UNPUBLISHED LETTER TO THE EDITOR
WRITTEN SOMETIME IN MID NINETIES
This letter addresses a point of grave import inadvertently and tangentially raised by Capt Vishvasrao in his article ‘The Pouch’ in the June’95 issue of the INFANTRY.
The substantive point in his article is laudable- that the officer for the privilege of ‘leading men’ must validate his commission into the position of command through selfless action.
The point is also not the obvious one, which the Ordnance Corps remains oblivious to,- that of the requirement to relegate the present day pouches and allied equipment to the museum.
The point at issue is also not the wisdom of employment of ‘agents’ i.e. the encouragement of sahayaks to report on the goings on in the company. Such a manner of keeping a ear to the ground may be a matter of personal leadership style. Suffice it to mention that it may have an adverse impact on mutual trust and, therefore, on cohesion.
The point is in the morale related nature of the ‘blood splattered pouches’, referred to by the author. Surely we are beyond the Wild West stage of ‘notching’ the barrels with their respective score of human lives. We must be cautious in abetting false machismo- especially with the blood of fellow citizens. Brutalisation is a phenomenon that creeps in on the unwary to corrode professionalism. Let us remind ourselves of the message of the Gita- to act in a detached and impersonal manner. ‘Personal victory over a militant’ being ‘symbolised’ in any form is a manner of involvement in internal security situations that engenders the attitude of regarding the militant as the enemy- which has historically been proven as being a prelude to disaster.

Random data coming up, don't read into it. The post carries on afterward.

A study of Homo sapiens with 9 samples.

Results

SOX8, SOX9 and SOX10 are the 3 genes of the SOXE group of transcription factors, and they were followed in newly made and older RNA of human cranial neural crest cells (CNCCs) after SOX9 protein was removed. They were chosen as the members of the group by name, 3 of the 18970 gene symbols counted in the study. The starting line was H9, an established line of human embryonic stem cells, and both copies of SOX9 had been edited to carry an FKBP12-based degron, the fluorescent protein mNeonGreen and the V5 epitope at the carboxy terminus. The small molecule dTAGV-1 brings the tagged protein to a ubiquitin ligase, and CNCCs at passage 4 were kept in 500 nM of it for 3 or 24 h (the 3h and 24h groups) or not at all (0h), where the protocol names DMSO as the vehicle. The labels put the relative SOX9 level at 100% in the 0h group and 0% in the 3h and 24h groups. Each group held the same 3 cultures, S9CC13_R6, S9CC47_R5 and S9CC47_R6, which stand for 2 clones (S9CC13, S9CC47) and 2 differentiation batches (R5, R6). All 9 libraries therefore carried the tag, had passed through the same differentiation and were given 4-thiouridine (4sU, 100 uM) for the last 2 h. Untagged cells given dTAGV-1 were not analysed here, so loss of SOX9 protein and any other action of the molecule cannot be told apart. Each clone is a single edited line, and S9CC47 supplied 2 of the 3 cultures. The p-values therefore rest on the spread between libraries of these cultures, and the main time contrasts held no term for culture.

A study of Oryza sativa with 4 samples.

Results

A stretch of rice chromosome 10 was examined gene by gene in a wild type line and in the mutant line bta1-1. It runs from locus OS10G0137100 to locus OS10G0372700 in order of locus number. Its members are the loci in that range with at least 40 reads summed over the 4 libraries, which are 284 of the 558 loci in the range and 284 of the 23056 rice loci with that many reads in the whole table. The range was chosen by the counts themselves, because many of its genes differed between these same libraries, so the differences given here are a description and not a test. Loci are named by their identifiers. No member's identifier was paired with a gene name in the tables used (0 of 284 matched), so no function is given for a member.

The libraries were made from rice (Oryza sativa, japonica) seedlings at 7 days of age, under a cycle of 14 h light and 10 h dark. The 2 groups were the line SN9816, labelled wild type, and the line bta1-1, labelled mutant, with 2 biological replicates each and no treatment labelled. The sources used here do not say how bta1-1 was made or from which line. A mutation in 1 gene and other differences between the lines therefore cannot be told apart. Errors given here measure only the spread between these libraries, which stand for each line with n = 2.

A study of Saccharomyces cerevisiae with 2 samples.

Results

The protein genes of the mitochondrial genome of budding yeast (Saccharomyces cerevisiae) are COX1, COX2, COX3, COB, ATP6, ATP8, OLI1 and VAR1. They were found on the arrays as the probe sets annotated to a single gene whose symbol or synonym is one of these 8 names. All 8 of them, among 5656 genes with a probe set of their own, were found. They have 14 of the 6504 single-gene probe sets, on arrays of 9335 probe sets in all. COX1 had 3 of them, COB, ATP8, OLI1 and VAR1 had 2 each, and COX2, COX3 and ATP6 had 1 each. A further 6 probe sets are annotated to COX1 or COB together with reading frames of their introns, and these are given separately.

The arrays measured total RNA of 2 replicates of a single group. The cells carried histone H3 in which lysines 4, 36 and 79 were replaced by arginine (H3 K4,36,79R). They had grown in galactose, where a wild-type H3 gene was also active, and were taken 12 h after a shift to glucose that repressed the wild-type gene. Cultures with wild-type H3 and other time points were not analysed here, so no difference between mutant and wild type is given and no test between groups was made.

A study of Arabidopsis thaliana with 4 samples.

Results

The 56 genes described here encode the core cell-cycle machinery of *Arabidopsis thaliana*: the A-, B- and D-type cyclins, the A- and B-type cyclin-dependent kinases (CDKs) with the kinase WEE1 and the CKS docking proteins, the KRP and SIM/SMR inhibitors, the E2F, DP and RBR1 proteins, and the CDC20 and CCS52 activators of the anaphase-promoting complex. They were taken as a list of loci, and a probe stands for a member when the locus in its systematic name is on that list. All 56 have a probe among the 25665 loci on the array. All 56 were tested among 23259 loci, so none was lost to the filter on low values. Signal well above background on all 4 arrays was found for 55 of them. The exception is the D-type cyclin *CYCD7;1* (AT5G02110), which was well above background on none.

The American experience in Vietnam is instructive in that one of the symptoms of disintegration of the American military was the collection of ‘trophies’, some so inhuman as the ears of the dead Vietcong. By no means is this meant to be a comparison with the elan with which soldiers as the author are performing a distasteful if necessary task. It is merely to alert us to the potential of losing our sensitivity, the precursor to loss of professionalism, in such situations characterised by the author as ‘real operations’. Therefore the apposite nature, though unintended by the author, of the subtitle of the article - ‘Vietcong to Bravo Company’.